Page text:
There goes the FFRF again, fighting against theocracy


They’ve placed this full page ad in the NYT today.

They do good work. You should join!

Comments

  1. feministhomemaker says

    My husband and I are both life members! This is a great ad! I was a bit disappointed to find out Pinker is on the Board, especially after his attempt to denigrate so called “identity politics” in the science march and recently tweeting what seemed approval for the prank publishing experiment that proved the opposite of what the authors claimed. But no matter. The group does great work and the founder is a strong supporter of abortion rights.

    I wish I had known about them when our youngest son had to endure a horrible situation in Memorial High School in Houston where the Orchestra teacher pushed his christian beliefs onto the kids who were a diverse student body of atheists, Hindus, Jews, Muslims and various christians. One episode still burns me up! Students were asked to say who they admired and he left a flyer on each seat afterwards explaining how everyone who said Jesus received an A! We were appalled.

    So yeah, go join!

  2. HidariMak says

    I’m glad that the FFRF exists, and it’s unfortunate how needed such an organization is. But I can’t help but wonder, how many Christians are going to see that ad, and wrongly think that their own variant of Christianity is what’s being promoted through the government.

  3. What a Maroon, living up to the 'nym says

    And such a rude attack on the freedom of religion Christians to impose their beliefs on the rest of us.

  4. HidariMak says

    Just to clarify, it’s the fundy schoolteachers who are going to preach the joys of the “Good News Club”, that climate change isn’t happening because of what God promised Noah, and that over 95% of all of their student’s relatives are going to the most traumatizing visions of hell that the teacher can describe. The various other Christians are less likely (in my opinion) to try and restrict the rights of others, and less likely to use their faith to promote their non-fundy politicians to office.

    If the various non-fundy adults can see Drumpf’s decision as something that negatively affects more than just “those unchristian atheists”, they might be more willing to argue on the side of the FFRF, instead of just passing over the ad.

  5. says

    Member for some time now. I’m always amused by the plain wrapper the FFRF magazine comes in, and a bit worried that it may be necessary.

  6. consciousness razor says

    HidariMak, #5:

    The various other Christians are less likely (in my opinion) to try and restrict the rights of others, and less likely to use their faith to promote their non-fundy politicians to office.

    There are theocrats in basically every Christian denomination, as well as basically every sect in any other religious tradition. So, yes, we do have to worry about it coming from basically every direction.

    You may be less likely to see it among some of the more progressive religionists and such; but even then it’s apparently not “anti-fundamentalism” that’s doing the work, so much as “non-conservativeness” or something along those lines.

    And just at a conceptual level, theocracy is not really tied down to fundamentalism at all. Or I don’t see why it would be. You don’t have to take a kind of fundamentalist stance, just in order to think that your religion is the best thing since sliced bread, that it ought to have some kind of moral or political authority, and so forth.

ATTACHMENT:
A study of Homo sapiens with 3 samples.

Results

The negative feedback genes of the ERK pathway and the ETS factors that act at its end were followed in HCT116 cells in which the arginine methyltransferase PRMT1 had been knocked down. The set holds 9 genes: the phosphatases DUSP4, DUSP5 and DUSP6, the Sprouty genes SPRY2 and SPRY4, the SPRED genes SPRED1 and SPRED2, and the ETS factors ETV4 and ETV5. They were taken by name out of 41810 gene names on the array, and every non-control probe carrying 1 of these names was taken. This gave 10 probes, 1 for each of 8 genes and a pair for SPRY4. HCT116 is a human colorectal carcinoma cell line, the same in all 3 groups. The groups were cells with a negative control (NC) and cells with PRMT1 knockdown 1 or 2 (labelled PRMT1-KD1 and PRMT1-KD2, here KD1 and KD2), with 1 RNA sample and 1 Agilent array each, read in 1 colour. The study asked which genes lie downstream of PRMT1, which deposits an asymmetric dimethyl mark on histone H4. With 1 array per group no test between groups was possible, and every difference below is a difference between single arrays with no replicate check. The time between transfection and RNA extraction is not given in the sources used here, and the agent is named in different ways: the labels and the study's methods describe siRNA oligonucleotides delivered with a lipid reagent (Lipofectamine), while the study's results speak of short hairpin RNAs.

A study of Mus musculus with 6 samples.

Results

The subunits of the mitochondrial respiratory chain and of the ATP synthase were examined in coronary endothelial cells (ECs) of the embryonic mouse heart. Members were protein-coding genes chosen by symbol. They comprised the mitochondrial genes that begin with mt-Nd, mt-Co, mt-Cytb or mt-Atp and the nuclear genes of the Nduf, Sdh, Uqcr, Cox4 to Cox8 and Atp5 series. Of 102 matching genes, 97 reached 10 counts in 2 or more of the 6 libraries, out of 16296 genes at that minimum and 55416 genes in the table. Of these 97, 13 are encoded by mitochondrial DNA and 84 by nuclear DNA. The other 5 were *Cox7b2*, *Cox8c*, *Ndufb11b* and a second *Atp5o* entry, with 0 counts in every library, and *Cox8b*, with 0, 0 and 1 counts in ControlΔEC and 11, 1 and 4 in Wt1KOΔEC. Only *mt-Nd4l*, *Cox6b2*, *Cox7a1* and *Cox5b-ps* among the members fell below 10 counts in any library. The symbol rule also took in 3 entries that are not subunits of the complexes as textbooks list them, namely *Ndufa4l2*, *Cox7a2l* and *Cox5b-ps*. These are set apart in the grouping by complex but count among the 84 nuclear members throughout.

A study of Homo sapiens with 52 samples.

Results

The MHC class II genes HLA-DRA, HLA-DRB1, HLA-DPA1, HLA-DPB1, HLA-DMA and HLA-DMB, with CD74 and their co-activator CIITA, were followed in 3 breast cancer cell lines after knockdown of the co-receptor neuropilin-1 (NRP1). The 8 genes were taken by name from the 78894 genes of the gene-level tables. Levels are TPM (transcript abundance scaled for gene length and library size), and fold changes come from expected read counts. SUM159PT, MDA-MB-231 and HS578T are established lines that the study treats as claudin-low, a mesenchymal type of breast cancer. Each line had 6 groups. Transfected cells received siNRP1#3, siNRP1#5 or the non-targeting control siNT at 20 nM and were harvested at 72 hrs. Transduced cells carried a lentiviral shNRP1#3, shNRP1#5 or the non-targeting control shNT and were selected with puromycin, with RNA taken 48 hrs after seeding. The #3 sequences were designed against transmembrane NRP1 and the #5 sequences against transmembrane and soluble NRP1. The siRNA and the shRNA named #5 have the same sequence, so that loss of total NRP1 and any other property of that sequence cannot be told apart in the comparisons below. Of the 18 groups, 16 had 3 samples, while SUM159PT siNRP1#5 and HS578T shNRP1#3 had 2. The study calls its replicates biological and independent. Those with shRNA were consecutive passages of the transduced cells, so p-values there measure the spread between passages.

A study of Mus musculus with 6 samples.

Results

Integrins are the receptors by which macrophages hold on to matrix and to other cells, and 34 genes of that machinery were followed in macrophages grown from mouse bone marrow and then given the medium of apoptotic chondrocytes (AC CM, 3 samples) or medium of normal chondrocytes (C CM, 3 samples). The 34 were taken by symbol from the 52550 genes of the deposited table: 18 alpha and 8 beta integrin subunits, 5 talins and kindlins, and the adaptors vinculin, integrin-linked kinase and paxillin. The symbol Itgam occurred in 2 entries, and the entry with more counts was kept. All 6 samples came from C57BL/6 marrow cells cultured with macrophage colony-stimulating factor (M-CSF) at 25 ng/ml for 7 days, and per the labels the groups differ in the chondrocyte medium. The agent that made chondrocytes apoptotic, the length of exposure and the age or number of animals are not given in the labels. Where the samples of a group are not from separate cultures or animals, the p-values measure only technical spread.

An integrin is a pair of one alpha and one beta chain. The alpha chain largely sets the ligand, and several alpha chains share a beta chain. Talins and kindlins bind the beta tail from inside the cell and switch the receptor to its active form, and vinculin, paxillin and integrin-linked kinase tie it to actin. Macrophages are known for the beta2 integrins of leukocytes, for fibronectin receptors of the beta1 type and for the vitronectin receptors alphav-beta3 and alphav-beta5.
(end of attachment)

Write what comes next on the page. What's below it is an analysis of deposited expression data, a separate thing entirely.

Some people just don’t take their religions that seriously or think about it at anything above a very shallow level. But to the extent that they do, no matter what views they may have about assorted theological issues or how religious scriptures should be interpreted, it’s really fucking hard to get anybody to disentangle religion with morality and politics. (I’d say even many atheists conflate them sometimes, but that’s a conversation for another thread.) The worry is of course that anybody might actually follow through with it, by establishing theocratic laws and institutions, because they think religions could give some kind of valid perspective about those things.

    Once you take away that, if their religion just isn’t applicable because the point of it has to do something with else (whatever the hell that would be), then you’re guaranteed not to have a theocrat. But most likely, by then, you’re presumably not even going to have much of a religionist, because as far as I can tell, almost the entire point is to have something which is supposed to offer some kind of authoritative framework which somehow addresses moral and political questions. You might still have somebody who likes church music or socializing at pancake breakfasts or whatever, but as I say, that’s not much of a religionist. And indeed, we also certainly don’t have to worry about anything like that.

  7. chrislawson says

    consc.razor@7:

    I don’t think there’s any strict logical necessity for theocracy and fundamentalism to go together, but I think they both stem from a rigid authoritarian worldview and fit together quite naturally.

    (In passing, this comment led me to read a little of the fascinating history of the theocratic Bogd Khaanate of Mongolia, 1911-24 . My favourite tidbit: when China reasserted its sovereignty over the region, it did so with a document called “On respecting Outer Mongolia by the government of China and improvement of her future position after the self-abolishing of autonomy.” Ah, the old self-abolishing autonomy trick.)